Women commuters in Delhi can now choose to pay or not pay for their rides on buses. Women who avail of the scheme will be handed specially designed tickets that will be pink in colour.

Written by Sourav Roy Barman , Edited by Explained Desk | New Delhi | Updated: October 29, 2019 7:50:01 pm
The free ride scheme for women in Delhi’s public buses took off on Tuesday

Starting Tuesday, women have the choice to commute for free in public buses in the national capital, a concession made possible through an initiative of the Delhi government. The facility will be available in NCR, the airport and on other special services operated by the DTC and cluster scheme operators.

Who is paying for the free rides for women?

The initiative is funded entirely by the Delhi government, which has set aside Rs 140 crore for its implementation over the five months from October 29, 2019, to March 31, 2020.

For every free journey undertaken by a woman commuter, the Delhi government will extend a flat subsidy of Rs 10 to the Delhi Transport Corporation (DTC) and the DIMTS (Delhi Multi-Modal Transit Ltd) under which the city’s public bus fleet operates.

How many women will benefit from the scheme?

Around 42 lakh individuals ride buses in Delhi every day on an average. According to official estimates, around 33 per cent of the total ridership comprises of women. Women comprise only 11 per cent of the workforce of Delhi, a city of nearly 2 crore people. In a video message, Delhi Chief Minister Arvind Kejriwal said the move would be a major step towards the empowerment of women in the city.

How many buses will be involved in this?

The DTC, which is entirely state-run, has a fleet of 3,781 buses. Another 1,808 privately-owned cluster buses are operated and managed by the DIMTS. The average fleet utilisation of DTC buses is 84.63 per cent and that of cluster buses is higher, at 98.6 per cent.

The DTC’s fleet has both airconditioned and non-airconditioned buses, with different fare structures. Fares in non-AC buses are Rs 5 up to 4 km, Rs 10 for journeys of 4-10 km, and Rs 15 for commutes longer than 10 km. Non-AC bus fares are Rs 10 for journeys up to 4 km, Rs 15 for those between 4-8 km, Rs 20 for 8-12 km, and Rs 25 for journeys longer than 12 km. The cluster buses, which are orange in colour, are non-AC. The fare structure is similar to that of non-AC DTC buses.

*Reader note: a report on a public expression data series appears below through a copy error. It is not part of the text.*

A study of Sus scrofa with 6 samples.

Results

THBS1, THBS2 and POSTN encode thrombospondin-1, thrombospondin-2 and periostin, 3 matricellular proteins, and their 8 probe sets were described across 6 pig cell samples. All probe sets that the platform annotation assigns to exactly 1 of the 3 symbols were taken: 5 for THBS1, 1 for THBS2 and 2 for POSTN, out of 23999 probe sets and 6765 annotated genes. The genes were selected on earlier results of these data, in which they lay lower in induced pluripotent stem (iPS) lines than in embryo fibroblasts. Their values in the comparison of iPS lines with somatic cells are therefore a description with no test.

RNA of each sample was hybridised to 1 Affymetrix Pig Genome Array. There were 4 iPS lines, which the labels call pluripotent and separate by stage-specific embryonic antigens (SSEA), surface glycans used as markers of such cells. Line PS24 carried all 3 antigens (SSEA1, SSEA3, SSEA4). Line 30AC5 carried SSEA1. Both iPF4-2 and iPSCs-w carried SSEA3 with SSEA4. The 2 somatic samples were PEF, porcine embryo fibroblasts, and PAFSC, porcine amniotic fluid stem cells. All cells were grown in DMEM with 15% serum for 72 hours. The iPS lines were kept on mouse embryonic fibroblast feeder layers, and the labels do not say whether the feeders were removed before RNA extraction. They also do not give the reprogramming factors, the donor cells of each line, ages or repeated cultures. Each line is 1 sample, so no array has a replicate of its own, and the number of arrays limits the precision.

How will the scheme be implemented?

Women commuters can choose to pay or not pay for their rides. Women who avail of the scheme will be handed specially designed tickets that will be pink in colour. The number of tickets handed out to women will help the DTC and DIMTS keep an account of the number of free commutes, in order to claim reimbursement from the government.

Was this the best way to go about the scheme?

The Delhi government’s Finance Department had proposed a need-based model, suggesting that waivers, if at all, should be given only to women from the EWS category. It had cited the sluggish growth rate of the city’s tax revenue and DTC’s losses while making the recommendation.

The Finance Department had also questioned the rationale behind the proposal to provide a flat subsidy of Rs 10 per commute, irrespective of the distance travelled. It had also expressed apprehensions about the capacity of the existing bus fleet to handle the potential jump in ridership after the implementation of the scheme.